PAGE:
Candidate: Based on our analysis of the data at hand, it seems like that our clothing retail store in New York is not producing sufficient revenue because the New York market is currently not robust and is predicted to not be robust for the next 10 years. Therefore, my recommendation to you is that we close our retail store in New York and focus our energy on the three other revenue-generating retail stores in New Jersey.
Interviewer: OK, I hear what you’re saying, but let me tell you how you are wrong. As you know, New York is the greatest metropolis in the world with a huge population base that is significantly more than New Jersey. Therefore, I believe we should keep our store in New York for that reason alone. Also, that particular store in New York is our very first store that we opened and saw our business grow through the years. As the owner and founder, I’m reluctant to close that store.
Here is a common situation in case interviews when the interviewer challenges your final recommendation that you are giving him. Although this does not happen in every case interview, it is possible that the interviewer will challenge you, especially in the second or third round of interviews.
So what should you do in this situation? Should you submit to the interviewer’s challenge, acknowledge that you were wrong and change your recommendation? Or should you stand your ground and be unfazed by the challenge that the interviewer throws at you?
Before we answer that question, you have to understand what is the interviewer’s mindset is when challenging you. Obviously the interviewer will challenge you if your recommendation does not have any factual basis and is not a logical conclusion of the case that you’ve done together so far. But many times, even when your final recommendation is very logical, factually based and backed by data, the interviewer will still challenge you in this what I call “the ultimate consultant test”. The interviewer wants to see that if she hires you as a management consultant, whether you have the guts to stand your ground when a client disagrees with your solution to the problem. And this is very important because when a Fortune 500 client is hiring Mckinsey for a two million dollar project for 12 months, the client really wants a third party perspective on what the company should do moving forward. So if as a management consultant, you easily submit to whatever challenges the client gives you, then there is really no point in hiring you as a consultant at all. And the reality is that a good consultant is very objective and base his entire analysis and recommendation on facts and data and is very adamant on standing by what he said when the client challenges him.
So how should you apply this information in your case Interview to respond to a challenge thrown your way by the interviewer? The answer is that you need to take a two step approach.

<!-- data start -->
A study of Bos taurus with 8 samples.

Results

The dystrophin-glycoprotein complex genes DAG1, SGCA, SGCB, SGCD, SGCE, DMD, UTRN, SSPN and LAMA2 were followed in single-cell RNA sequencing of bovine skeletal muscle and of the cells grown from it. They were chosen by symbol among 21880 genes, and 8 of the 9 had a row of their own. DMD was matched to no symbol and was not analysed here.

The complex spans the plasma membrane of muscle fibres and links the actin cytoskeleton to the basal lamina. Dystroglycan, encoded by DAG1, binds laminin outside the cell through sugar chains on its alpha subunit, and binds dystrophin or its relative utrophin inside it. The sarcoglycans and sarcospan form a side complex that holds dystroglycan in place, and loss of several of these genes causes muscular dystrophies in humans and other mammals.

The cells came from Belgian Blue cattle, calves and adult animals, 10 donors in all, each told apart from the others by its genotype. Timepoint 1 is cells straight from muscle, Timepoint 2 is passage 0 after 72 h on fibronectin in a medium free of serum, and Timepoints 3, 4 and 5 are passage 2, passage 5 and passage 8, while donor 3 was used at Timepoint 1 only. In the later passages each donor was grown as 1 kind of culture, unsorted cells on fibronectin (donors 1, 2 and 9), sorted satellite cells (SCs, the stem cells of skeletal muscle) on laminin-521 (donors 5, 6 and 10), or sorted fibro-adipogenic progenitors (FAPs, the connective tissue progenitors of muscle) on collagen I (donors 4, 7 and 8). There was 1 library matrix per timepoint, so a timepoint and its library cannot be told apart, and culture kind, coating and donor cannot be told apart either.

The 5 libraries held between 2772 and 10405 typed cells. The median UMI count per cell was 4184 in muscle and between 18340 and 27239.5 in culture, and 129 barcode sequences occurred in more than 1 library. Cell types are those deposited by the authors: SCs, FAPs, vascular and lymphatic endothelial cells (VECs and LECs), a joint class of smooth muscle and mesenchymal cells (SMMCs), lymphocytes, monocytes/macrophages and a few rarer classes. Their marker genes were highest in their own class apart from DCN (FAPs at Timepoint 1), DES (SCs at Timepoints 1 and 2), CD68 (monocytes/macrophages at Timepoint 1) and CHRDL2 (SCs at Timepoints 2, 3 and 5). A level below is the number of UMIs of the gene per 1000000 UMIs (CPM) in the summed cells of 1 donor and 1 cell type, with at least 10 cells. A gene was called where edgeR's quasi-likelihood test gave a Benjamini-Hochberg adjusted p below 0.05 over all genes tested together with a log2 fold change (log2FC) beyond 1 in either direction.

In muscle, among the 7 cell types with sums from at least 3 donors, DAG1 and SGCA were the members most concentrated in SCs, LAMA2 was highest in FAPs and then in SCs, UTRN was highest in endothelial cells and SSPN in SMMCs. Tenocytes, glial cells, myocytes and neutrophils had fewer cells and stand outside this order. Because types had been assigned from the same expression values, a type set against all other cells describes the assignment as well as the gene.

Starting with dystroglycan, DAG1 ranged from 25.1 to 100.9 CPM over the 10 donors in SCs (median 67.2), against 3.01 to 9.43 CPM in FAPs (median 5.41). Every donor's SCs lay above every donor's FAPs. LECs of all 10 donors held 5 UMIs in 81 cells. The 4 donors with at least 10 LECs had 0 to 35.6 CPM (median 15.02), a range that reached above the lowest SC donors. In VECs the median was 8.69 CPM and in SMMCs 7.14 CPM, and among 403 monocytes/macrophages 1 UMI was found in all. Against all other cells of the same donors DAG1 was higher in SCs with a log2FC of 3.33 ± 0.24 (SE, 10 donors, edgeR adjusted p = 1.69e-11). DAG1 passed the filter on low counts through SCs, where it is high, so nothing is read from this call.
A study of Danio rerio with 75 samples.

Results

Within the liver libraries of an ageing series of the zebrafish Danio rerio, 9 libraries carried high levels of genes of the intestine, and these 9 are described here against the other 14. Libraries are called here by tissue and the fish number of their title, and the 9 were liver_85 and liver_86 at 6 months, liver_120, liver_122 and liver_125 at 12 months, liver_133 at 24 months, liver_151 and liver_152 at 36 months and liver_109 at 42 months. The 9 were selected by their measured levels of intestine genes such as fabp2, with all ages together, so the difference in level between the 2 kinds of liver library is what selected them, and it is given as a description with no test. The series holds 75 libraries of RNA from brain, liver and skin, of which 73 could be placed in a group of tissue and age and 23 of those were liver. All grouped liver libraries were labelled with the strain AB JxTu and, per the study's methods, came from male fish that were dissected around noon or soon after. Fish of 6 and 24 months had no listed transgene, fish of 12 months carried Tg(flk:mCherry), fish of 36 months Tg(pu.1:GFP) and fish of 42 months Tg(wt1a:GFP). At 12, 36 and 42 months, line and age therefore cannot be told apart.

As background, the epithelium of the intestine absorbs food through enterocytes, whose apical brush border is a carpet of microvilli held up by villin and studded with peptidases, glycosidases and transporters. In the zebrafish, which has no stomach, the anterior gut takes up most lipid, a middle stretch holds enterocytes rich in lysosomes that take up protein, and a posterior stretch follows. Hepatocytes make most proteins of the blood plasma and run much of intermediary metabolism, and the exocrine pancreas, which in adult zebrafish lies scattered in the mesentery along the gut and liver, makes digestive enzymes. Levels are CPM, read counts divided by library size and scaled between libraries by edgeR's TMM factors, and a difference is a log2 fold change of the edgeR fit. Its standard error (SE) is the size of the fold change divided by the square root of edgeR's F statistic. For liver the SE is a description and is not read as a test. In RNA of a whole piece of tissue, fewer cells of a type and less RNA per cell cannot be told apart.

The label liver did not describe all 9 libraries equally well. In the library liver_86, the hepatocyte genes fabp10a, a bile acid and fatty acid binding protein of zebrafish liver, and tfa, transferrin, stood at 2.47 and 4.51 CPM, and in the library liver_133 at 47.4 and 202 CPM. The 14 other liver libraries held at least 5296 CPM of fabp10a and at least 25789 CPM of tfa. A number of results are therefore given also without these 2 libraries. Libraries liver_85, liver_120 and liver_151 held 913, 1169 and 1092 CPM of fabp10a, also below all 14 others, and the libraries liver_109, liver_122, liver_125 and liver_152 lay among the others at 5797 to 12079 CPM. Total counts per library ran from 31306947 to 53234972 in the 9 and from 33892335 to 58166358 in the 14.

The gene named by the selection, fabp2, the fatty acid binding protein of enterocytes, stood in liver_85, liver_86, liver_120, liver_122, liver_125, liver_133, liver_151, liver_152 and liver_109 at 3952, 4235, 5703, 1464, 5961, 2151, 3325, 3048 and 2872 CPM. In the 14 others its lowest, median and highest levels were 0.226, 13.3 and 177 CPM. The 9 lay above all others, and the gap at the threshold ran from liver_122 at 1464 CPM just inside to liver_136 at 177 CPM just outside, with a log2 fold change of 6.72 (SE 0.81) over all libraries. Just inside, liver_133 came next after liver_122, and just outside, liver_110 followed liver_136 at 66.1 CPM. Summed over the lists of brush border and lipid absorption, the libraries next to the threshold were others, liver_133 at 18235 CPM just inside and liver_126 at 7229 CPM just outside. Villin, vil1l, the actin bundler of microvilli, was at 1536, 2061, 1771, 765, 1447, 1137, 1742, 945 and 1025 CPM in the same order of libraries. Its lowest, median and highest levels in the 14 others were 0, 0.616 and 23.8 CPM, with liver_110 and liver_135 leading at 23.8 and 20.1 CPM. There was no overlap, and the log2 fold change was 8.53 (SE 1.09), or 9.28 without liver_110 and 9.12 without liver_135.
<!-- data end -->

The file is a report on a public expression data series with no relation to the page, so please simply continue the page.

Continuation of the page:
Look back on the details of the interviewers challenge and whether there are any flaws in the facts and the data behind your final recommendation.
When the specifics of the interviewers challenge are right on target and there are significant flaws in the facts that you base your recommendation upon, then you should definitely acknowledge that you have made an error in your recommendations for the client and propose the new corrected recommendation.
When the interviewer’s concerns cannot challenge your facts and data, while your analysis were very MECE and structured and that your final recommendation was indeed very robust based on significant facts and data, then you should not alter your original recommendation and that you should stand your ground in the what you have proposes before.
In this situation, this is how we recommend you respond to the interviewer’s challenge: “I appreciate the feedback and understand your concern. I understand your points that New York is a metropolis with a huge population base and that this store is very dear to our owner because of its history. However based on the facts that we have analyzed during the case, It is clear that the huge population base will not drive revenue to our store because of the declining market in New York in general, and that this particular clothing store is dragging our profits down from the other three stores. Therefore, my recommendation is still to close this clothing store in New York for the best interest of the company overall.”
If you stated your response this way, you will stand your ground on your original recommendation without disrespecting the interviewer’s opinion, having acknowledged the interviewer’s input.
Notice that the interviewer wants to see if you have the guts to be a management consultant and to stand your ground. And if you do have the facts to back up your recommendation but you chose to submit to the interviewer’s challenge and changed your original proposal, that might actually be a knock against your performance and could be the reason that you did not get the final offer.
Next time when the interviewer challenges you during a case interview, now you know what to do.